6 Jan 2015 by Jessica Hall
With the Microsoft Windows 2003 end of support deadline looming, migrations are an important issue – both in terms of security and operations – for large and small businesses across the globe. To help better prepare you, we’ve answered some of the most commonly asked questions.
  1. Why should companies migrate as quickly as possible?

With many companies beginning their migration during the first quarter of 2015, it’s imperative that you start planning as soon as possible if you haven’t yet. The dangers of waiting until it’s too late include:

  • Entire document libraries and applications are at risk
  • Security fixes – as well as other updates and patches – will be eliminated
  • The cost of maintaining servers and aging hardware will quickly increase
  • Failure to meet industry compliance standards
  • Increased risk of corrupted data and unsupported applications
  • Facing downtime

If you miss the deadline and need to buy support from Microsoft, you’ll face exorbitant fees. For example, a company with 200 servers would face an added expense of $2 million over the course of 24 months.

The benefits also provide a compelling reason to migrate as soon as possible. Updating your datacenter will not only increase performance, but it will also lead to decreased energy costs, as servers older than four years deliver 4 percent of the performance while consuming 65 percent of the energy.

  1. How long will the migration process take? David Mayer, practice director of Microsoft Solutions at Insight, says that organizations with more than 100 servers should plan for a time frame that ranges anywhere from three to 18 months.
  2. So, is it too late to get started now?

In short: it’s not. With seven months until its end of support, there are many organizations that won’t have a migration timeline that will get every single server migrated by the July 14, 2015, deadline. But, those organizations don’t need to find themselves upstream without a paddle. To mitigate risks and reduce costs, we take the approach of ranking the server environment to prioritize high-risk servers above medium- and low-priority servers. We then utilize that system to develop a timeline that migrates the most at-risk servers before the deadline and addresses those that are not at a high risk (or, if time allows, even a medium risk) after Windows Server 2003 support has ceased.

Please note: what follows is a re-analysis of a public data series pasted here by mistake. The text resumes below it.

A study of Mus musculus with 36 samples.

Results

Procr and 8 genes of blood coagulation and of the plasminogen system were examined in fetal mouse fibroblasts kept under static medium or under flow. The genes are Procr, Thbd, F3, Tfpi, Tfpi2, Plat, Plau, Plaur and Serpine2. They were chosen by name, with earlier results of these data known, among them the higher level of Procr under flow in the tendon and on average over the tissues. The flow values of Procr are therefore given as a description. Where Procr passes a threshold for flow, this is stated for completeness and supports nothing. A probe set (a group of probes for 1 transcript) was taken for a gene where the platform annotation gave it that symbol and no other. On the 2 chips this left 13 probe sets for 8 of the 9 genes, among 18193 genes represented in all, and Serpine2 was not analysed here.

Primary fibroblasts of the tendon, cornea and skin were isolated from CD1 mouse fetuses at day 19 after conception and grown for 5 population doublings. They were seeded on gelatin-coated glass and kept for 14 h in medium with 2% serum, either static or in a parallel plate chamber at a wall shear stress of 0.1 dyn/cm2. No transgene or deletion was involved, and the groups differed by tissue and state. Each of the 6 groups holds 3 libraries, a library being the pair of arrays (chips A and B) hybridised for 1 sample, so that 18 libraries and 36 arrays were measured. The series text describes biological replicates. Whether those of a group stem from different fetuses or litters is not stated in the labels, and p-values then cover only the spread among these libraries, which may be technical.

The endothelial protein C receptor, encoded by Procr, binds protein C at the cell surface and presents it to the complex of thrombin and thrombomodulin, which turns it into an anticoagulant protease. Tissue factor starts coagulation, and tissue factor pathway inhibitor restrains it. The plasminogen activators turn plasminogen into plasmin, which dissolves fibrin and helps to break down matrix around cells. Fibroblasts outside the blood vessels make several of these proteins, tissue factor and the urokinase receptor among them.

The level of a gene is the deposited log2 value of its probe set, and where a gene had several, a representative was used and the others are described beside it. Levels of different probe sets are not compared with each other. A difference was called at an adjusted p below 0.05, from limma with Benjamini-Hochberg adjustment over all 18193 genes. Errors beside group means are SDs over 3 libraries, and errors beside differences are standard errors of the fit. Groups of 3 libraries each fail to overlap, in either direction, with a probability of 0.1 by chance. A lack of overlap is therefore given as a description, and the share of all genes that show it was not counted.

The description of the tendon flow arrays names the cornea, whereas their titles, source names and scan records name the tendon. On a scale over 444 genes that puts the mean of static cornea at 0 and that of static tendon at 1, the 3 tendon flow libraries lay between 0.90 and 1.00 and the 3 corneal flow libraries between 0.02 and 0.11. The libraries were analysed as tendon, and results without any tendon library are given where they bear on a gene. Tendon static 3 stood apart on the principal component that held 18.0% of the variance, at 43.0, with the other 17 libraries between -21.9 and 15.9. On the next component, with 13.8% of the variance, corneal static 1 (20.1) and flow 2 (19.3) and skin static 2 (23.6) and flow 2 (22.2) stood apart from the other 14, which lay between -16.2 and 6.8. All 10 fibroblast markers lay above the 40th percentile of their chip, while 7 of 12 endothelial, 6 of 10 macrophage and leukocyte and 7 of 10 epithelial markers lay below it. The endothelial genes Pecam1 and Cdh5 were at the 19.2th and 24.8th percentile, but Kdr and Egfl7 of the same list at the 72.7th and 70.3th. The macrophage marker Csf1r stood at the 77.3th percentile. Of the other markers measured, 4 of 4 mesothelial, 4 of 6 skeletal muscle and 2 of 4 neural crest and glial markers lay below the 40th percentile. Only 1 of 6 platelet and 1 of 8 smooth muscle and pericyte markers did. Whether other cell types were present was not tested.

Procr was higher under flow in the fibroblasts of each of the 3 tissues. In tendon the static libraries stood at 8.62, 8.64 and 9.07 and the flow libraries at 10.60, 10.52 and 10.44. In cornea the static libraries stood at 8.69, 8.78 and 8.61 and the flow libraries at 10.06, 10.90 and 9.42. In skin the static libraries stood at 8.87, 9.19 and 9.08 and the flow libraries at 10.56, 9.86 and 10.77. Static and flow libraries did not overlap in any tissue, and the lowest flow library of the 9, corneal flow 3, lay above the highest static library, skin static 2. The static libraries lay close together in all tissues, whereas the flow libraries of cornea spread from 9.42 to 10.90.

“Many of our clients are migrating their critical apps right now and will worry about those that don’t pose a threat, like a print server, after the deadline,” says Eric Su, senior product manager of services.

  1. How does Insight approach this?

Leveraging a 25-year partnership with Microsoft (that includes high rankings like the top Cloud Accelerate & Deployment partner and the top 1 percent of all Microsoft partners), we offer full stack systems integration, consulting services, and proprietary tools.

Our unique three-phased approach will give organizations a comprehensive sense of what their data center looks like (number of servers, what’s running on them, and how they interact), what solution makes the most sense for their organization,n and how the migration will be implemented.

“Ultimately, we can help you look at your datacenter in an application-by-application view to help you determine if you should deploy this on-premise, in cloud, or if you should leverage a hybrid strategy,” says Dennis Aldridge, senior manager, product management of Microsoft Solutions at Insight.

Find out more about our approach to Windows Server 2003 end of support at www.insight.com/ServerIgnite.